Big Oops: Google+ to shut down after leaving up to 500,000 users exposed

Big Oops: Google+ to shut down after leaving up to 500,000 users exposed
  • A bug in the Google+ API left data like name, email address and gender of up to 500,000 users exposed
  • Google patched the issue earlier this year and didn’t find any evidence of the data being misused
  • This is the final nail in the coffin for Google+, which will be shut down by the end of 2019

In the past couple years we’ve seen a few giants either fall under scrutiny for how they’ve handled their user’s personal information –ahem-Facebook!-, or straight up had their user data held for ransom as was the case with Uber.

Now it seems it’s Google’s turn. The search giant left personal information exposed for more than a few users of its Google+ social network. How many users? Up to 500,000.



We, however, will take advantage of this piece of news to kick off a new series of blog posts where we briefly take a look at big companies’ recent vulnerabilities. In them we’ll take a look at what they mean for us as developers, and how we could prevent similar problems from happening to us in the future.

So what happened?

According to a blog post from Google the bug was found on the Google+ People API. Normally, when you granted access to an app via the API, you also gave it permission to read your friends’ public profile information. The bug, though, meant that apps could also see information about your friends that was shared with you, but that wasn’t marked as public on their profiles.

To put it in other words, it’s kind of like making friends with a kid at school just so you can also hang out with his group of friends. And get all of their emails. Also, the kid has 500,000 friends. And none of them know who you are.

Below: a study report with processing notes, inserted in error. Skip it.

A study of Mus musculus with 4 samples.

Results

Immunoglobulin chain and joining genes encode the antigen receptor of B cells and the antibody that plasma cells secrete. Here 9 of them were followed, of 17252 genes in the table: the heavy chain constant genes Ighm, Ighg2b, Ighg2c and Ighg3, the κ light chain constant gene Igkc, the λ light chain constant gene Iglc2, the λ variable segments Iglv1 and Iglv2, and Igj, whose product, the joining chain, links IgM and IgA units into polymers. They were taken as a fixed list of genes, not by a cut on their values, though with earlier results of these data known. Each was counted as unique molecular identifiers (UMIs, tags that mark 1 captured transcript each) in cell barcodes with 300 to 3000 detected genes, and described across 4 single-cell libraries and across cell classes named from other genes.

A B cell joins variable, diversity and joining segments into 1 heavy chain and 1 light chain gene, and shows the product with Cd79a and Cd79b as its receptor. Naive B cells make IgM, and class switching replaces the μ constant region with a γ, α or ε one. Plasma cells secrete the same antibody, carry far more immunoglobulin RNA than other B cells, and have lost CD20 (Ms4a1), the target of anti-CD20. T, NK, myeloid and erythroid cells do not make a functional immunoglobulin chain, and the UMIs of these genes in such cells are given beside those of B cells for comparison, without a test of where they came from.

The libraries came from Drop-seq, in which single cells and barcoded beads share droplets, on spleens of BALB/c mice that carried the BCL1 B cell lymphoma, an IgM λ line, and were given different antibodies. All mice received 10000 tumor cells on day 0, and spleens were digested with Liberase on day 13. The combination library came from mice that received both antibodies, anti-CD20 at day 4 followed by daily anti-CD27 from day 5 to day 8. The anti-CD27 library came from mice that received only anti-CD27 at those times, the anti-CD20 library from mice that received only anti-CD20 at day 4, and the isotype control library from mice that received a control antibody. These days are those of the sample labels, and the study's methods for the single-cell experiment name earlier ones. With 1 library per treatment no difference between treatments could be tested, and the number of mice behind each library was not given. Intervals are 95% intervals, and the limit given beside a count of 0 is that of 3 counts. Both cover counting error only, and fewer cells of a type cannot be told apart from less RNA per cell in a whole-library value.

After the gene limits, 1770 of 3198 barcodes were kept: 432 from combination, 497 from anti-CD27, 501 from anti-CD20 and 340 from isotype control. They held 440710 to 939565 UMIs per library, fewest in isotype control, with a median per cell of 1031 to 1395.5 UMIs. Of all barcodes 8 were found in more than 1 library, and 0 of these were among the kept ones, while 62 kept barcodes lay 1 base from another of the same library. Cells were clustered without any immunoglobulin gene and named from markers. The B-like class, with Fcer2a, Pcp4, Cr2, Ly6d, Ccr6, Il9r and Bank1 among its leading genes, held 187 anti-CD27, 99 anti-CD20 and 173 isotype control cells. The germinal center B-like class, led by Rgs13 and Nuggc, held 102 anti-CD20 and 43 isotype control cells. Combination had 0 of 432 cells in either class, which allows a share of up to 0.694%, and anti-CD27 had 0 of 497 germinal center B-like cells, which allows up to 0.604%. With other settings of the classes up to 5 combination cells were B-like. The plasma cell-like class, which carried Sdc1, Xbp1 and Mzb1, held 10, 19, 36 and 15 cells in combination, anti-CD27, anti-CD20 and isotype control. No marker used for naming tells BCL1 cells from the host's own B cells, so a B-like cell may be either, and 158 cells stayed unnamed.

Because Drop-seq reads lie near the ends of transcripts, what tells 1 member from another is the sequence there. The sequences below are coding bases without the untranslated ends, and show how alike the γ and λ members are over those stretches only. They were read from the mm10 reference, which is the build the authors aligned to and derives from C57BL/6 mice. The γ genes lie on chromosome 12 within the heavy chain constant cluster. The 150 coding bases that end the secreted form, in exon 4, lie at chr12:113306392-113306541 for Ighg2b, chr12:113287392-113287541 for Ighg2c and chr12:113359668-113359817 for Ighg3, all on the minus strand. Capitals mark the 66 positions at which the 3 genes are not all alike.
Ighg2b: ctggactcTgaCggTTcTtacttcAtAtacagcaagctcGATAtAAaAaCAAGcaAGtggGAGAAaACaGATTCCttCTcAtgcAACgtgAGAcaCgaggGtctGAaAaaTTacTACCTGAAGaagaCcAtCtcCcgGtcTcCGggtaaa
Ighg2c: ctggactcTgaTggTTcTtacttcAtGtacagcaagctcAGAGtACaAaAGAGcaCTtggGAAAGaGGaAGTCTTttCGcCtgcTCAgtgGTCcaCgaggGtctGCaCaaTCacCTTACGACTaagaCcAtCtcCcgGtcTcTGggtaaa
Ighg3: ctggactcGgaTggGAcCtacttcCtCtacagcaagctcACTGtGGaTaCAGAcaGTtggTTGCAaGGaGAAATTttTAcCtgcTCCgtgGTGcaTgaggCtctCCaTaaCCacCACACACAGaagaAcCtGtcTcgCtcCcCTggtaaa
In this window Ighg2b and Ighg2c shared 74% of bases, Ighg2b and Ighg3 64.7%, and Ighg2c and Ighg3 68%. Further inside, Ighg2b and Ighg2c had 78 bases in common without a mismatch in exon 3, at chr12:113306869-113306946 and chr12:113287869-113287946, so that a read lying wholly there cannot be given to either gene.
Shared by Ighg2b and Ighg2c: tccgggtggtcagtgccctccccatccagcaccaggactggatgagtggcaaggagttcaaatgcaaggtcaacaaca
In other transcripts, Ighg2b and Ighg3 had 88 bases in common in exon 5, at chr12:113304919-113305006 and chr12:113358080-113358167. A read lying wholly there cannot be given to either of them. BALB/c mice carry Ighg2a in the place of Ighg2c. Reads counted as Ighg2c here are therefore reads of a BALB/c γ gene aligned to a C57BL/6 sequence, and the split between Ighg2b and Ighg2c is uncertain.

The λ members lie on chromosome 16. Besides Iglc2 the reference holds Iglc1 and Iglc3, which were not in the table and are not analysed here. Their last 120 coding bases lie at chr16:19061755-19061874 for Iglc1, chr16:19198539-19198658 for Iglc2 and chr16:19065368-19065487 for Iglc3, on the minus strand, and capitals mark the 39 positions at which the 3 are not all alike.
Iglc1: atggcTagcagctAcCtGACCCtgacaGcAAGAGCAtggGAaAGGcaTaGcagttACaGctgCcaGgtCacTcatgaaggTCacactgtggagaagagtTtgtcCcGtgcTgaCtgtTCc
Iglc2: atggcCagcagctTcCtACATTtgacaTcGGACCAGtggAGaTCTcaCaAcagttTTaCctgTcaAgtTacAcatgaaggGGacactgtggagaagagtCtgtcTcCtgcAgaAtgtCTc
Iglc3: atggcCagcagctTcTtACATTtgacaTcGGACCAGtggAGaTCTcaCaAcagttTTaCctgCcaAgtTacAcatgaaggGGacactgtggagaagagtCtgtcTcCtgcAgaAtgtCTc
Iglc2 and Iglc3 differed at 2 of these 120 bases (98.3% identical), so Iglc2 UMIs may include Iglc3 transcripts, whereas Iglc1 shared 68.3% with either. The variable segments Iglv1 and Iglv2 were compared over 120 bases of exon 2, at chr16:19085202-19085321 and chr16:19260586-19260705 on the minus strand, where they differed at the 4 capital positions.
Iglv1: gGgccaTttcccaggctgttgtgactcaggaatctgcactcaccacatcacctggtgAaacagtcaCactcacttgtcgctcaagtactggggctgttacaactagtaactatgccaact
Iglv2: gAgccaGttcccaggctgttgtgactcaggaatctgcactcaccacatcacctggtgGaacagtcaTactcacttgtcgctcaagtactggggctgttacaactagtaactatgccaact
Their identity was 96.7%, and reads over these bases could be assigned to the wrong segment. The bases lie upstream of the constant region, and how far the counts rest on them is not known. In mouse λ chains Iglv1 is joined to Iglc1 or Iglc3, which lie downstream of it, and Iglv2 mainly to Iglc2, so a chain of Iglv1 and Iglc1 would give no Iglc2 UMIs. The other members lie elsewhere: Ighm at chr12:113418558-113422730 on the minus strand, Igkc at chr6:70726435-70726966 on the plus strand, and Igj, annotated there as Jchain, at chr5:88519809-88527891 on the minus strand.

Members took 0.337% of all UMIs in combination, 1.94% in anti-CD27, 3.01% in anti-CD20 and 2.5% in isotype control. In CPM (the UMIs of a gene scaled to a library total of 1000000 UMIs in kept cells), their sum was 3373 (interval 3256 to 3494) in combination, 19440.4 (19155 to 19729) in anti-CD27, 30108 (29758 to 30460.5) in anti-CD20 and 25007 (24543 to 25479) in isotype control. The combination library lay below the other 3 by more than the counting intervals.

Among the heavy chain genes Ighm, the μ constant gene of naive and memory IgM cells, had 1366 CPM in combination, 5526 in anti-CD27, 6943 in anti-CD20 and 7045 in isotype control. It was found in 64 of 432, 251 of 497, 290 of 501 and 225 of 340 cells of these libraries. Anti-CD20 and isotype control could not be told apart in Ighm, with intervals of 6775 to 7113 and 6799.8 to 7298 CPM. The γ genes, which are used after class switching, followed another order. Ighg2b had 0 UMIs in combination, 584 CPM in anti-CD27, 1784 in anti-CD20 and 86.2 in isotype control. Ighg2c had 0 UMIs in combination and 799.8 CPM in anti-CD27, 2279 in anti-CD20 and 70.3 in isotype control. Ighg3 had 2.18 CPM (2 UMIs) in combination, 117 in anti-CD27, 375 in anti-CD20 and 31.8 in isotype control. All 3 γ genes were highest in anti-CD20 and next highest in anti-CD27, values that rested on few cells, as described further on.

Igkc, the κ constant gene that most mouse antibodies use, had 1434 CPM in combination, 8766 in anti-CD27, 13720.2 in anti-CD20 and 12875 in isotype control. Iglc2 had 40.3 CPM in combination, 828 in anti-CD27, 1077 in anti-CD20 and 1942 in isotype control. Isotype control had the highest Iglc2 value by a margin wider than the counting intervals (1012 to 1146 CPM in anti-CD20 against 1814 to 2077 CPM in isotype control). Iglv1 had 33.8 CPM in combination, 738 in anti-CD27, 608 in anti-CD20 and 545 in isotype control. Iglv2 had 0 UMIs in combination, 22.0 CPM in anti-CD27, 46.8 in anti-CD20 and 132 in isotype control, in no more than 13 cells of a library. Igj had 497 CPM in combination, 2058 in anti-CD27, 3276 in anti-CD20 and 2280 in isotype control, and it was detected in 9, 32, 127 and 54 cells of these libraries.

What does this mean?

By taking advantage of this vulnerability someone could, by getting permission to read only one user’s profile info, get access to email addresses, first and last name, gender, age, and occupation for his contacts as well.

According to Google up to 438 applications may have used this API, but they didn’t find any evidence of misuse. The issue was patched in March 2018.

How can I prevent issues like these in my app?

This is an interesting case that shows you not only have to be careful with your own code, but also with the third party APIs and libraries you use on it.

One bit of good advice would be to work with the information you need server side, and send only the necessary data over to the front end of your app. If all you need is your user’s name and last name, then only send that and not an object with the whole response from the API. That way your users’ information isn’t as easily available.

Another thing to be very cautious about are the permissions granted to third party applications. The bug that affected Google+ is commonly called Broken Authorization, and it happens when the application fails to correctly validate the information that a third party app or user can obtain from the API.

In other words, the application lacks a secure user role authorization mechanism. This could have been abused by third party applications that use the Google+ People API to leak information about the users and their friends in all sorts of ways.

But what if you do need to share user information? Or what if you think your app may be compromised and don’t want to risk leaking data on your users? Hackmetrix can help you regularly scan your app for over 500 vulnerabilities in just a few clicks. Once the scan is done you’ll get a neat report of everything we found and how it could affect your application. Did we mention you can get started for free?

Are there any specific cases you’d like us to review? Let us know on Twitter, and follow us to keep up more security news and how to avoid or deal with the same vulnerabilities that affect tech giants today.